A Winnipeg dog groomer and breeder is trying to keep a low profile after her golden retriever had 17 pups last week.
"It's quite the luck of the draw," said Dinah, who doesn't want her last name used.
Giselle gave birth to the purebred pups last Wednesday and her owner is afraid a bunch of visitors and their germs will come to see the large week-old litter.
"I'm almost certain it's a record" for golden retrievers, said the member of the Canadian Kennel Club.
Seventeen is the largest litter for a golden retriever, according to the Toronto-based club.
"I can report that we have registered a litter of 17 puppies, one with 16, many with 15 and lots at 14," said Sonny Allinson, the club's communications and marketing manager.
"Your 17 pups share the highest number in a single litter as registered by the Canadian Kennel Club," Allinson said.
According to Guinness World Records, the largest litter recorded for any breed was a bull mastiff in Britain that had 24 pups and four died.
In Winnipeg, all 17 golden retriever puppies are thriving, said Dinah.
"The 17 puppies are all gaining weight."
She said she knew the expectant mom was carrying a full load and took her to the veterinarian for a caesarean section.
"Never did I think of 17, though!" she said.
The litter size has shocked members of the Golden Retriever Club of Manitoba.
"Oh my Lord, that's a lot of puppies!" said Gloria Remillard in Ochre River, near Dauphin.
"I can't believe it," said Remillard, who's been a breeder for more than 20 years. Typically, there are six to eight pups in a litter, she said. Remillard's dogs have had litters as small as one pup and as large as 11.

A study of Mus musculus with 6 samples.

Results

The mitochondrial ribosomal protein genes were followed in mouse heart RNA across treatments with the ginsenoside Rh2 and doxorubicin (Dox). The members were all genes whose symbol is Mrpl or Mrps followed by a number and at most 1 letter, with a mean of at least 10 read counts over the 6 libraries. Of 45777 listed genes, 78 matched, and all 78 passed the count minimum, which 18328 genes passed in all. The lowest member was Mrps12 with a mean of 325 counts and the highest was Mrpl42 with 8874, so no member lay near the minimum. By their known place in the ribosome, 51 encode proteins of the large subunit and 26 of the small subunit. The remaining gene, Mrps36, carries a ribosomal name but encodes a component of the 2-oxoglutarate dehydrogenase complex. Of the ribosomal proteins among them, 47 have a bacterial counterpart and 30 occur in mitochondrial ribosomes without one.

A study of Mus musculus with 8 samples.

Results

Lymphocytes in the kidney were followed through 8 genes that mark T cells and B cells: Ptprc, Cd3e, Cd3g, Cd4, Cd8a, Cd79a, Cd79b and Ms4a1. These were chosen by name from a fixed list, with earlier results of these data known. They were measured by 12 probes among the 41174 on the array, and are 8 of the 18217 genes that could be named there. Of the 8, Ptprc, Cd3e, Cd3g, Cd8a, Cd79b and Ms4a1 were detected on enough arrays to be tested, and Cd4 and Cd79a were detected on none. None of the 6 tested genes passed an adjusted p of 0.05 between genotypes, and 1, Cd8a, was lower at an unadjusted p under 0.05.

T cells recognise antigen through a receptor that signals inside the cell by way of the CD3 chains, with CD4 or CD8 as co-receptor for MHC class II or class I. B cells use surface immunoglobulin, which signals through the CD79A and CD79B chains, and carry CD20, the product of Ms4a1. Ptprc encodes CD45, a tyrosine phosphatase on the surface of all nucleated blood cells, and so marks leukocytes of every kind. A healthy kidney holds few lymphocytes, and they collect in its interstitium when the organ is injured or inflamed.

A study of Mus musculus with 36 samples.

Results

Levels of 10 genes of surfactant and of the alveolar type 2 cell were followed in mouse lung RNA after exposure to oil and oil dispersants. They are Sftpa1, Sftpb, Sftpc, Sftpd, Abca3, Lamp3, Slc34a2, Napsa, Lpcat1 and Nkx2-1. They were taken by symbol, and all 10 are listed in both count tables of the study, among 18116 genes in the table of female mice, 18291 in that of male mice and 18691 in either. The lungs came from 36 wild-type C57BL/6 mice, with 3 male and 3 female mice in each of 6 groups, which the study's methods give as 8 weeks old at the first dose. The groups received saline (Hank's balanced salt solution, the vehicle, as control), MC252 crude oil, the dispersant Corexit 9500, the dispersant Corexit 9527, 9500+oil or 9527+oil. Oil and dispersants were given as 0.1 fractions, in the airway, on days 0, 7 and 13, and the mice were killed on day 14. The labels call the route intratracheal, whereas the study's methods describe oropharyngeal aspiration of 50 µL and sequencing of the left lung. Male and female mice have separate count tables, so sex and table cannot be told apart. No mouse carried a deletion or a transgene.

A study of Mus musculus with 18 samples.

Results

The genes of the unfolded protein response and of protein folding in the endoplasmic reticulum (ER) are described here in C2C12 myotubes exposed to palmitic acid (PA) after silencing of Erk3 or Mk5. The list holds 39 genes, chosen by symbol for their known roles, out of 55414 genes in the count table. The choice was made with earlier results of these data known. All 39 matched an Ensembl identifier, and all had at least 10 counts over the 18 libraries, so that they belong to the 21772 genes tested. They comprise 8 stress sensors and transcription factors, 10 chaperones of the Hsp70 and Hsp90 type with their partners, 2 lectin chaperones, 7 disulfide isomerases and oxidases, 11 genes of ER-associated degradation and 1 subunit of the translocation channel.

Golden retriever pups generally fetch $900 to $1,000 a pop, said Remillard. Dinah, whom Remillard said has a good reputation as a breeder, is having to work for every cent of it with 17 mouths to feed around the clock.
"If you do it properly, it's a lot of work," Remillard said.
The 17 pups are receiving a lot of TLC from their mother, said Dinah.
"She's being very caring towards them."
The C-section hasn't hurt Giselle's ability to nurse her pups, but her owners try to make it easier for her.
"We help her lie down and get on her side."
And they keep her well-fed so she can nourish her pups.
"She has home-cooked chicken, carrots, rice, sweet potatoes and garlic, and cheese and eggs."
Giselle's nursing half of her pups every two hours with Dinah bottle-feeding the other half of the litter. Then they switch at two-hour intervals.
"It's very time-consuming." But well worth it, said the owner.
"She's looking really well and she's doing well."
The pups are kept under heat lamps and are starting to move around.
"They get up on their feet and wobble -- they're very cute at this stage," she said. They're not available for sale until they're seven or eight weeks, she said.
"The fun part is in four or five weeks when the pups go loose," and run around the house.
"That's going to be really fun to see."
After 20 years of reporting on the growing diversity of people calling Manitoba home, Carol moved to the legislature bureau in early 2020.